Are Washington's ways of settling finances like my (fictional) marriage?

By Clayton Jones / April 8, 2011

President Obama leaves the stage as he finishes a statement April 7 to the media after an meeting with Republican House Speaker John Boehner and Senate Democratic Leader Harry Reid.

(Credit: x99/ZUMA Press/Newscom)



"I went to Bella's tea party last week," my wife said, "and boy, did that group convince me that we need to cut down our expenses!"

"Whatever happen to you bringing in more income with a second job?"

"Let's cut first, my friend, starting with your donations to NPR and those extra coins you give the homeless at the stoplight. Then maybe, only maybe, we can talk income!"

"Can't we have an adult conversation about this, and discuss cutting and income at the same time?"

"Don't get uppity political with me, chum, otherwise I'll shut down the kitchen!"

Our discussion went late into the night. Both of us had the kind of continuing resolution to somehow work this out, or at least appear to work it out. At times, though, each of us quietly pulled out a cellphone to check with friends and relatives to assure ourselves that we were in the right.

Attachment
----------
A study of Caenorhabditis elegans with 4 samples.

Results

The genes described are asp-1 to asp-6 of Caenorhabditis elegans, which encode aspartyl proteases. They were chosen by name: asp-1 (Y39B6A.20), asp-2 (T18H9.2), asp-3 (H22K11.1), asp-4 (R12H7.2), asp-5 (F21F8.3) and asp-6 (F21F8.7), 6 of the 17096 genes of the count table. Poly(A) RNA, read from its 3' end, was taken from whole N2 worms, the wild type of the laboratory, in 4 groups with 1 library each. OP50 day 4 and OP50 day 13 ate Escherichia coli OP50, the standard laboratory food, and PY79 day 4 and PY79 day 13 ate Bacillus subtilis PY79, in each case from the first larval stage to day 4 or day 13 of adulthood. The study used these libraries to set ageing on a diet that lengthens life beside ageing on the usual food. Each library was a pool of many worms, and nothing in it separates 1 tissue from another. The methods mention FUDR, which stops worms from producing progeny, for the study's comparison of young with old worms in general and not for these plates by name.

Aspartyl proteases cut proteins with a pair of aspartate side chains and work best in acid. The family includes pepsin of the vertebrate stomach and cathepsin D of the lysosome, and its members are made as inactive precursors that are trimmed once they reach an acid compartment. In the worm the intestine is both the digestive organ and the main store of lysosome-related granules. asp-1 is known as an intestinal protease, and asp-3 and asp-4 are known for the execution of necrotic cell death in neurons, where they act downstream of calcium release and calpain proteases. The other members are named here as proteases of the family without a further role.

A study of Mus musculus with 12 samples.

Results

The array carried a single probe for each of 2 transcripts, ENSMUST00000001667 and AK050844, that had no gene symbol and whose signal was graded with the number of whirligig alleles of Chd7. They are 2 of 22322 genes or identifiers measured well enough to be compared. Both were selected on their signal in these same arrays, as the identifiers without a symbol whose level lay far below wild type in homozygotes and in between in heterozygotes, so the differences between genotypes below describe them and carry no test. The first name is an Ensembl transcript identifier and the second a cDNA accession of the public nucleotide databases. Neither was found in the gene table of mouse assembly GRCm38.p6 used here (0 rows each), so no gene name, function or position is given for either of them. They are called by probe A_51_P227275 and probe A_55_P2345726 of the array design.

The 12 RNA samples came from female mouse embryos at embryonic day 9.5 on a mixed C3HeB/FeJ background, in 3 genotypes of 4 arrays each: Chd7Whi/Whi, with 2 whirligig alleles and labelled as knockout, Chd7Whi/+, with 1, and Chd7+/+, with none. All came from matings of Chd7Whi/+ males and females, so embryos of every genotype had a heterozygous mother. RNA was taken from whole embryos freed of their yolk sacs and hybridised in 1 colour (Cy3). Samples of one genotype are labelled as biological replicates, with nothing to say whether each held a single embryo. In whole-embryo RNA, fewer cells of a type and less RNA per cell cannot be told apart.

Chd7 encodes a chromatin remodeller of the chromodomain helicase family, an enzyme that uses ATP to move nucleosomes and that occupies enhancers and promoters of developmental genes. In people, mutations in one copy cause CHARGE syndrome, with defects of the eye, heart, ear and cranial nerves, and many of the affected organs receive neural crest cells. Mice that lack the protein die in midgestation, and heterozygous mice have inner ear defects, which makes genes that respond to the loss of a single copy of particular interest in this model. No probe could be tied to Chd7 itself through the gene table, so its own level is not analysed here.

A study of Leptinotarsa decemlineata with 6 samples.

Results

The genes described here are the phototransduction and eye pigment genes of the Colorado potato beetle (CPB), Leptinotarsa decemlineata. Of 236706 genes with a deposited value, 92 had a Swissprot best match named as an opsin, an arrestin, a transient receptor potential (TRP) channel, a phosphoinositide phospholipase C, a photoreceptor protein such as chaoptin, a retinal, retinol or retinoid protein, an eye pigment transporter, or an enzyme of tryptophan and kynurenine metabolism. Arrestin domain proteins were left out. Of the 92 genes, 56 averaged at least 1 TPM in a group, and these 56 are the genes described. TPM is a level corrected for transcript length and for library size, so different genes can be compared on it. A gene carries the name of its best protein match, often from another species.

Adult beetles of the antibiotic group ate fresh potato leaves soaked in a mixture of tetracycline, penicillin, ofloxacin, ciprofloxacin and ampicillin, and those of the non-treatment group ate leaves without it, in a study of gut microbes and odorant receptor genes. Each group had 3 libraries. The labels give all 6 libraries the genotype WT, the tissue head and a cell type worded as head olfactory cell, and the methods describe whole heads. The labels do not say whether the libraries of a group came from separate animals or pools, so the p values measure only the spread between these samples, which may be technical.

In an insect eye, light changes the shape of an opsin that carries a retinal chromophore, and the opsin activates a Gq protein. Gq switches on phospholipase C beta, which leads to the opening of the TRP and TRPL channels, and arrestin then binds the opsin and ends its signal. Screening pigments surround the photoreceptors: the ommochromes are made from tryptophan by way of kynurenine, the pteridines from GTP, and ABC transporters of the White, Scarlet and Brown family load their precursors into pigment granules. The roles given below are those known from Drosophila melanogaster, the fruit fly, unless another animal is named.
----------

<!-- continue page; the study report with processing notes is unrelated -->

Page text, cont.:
"I've decided," my wife finally stated, "that fundamental policy in this house must change. No more fees for the gym for you and only one night out a month with your friends."

"Wait, can't those cuts be only a stopgap measure until we tackle the big reforms, like you getting that job?"

It was getting late, and the threat of a kitchen-closing loomed – not to mention other unspeakable banishments and punishments. I was desperate.

"Maybe we should have our two families get together and have them settle this for us," I proposed. "Let our people guide us."

"That's it. Kitchen closed. Fend for yourself. Let's talk when you're good and hungry."

I didn't know what to do. I found a copy of our marriage vows, and read them again. Not much help there about finances. Finally, it struck me, the Big Idea.

"OK," I told her, "Let's do this: You don't need to get a second job and you can cut my expenses all you want. But from now on, I do all the cooking. The kitchen is mine."

"Sorry, the kitchen is not yours. I need it. The tea party group will be meeting here every week from now on."

So for now, I'm munching on power bars or eating at Mickey-Ds. And her tea party buddies have taken over our home.

Guess I'll go down to the Obama White House and get some advice.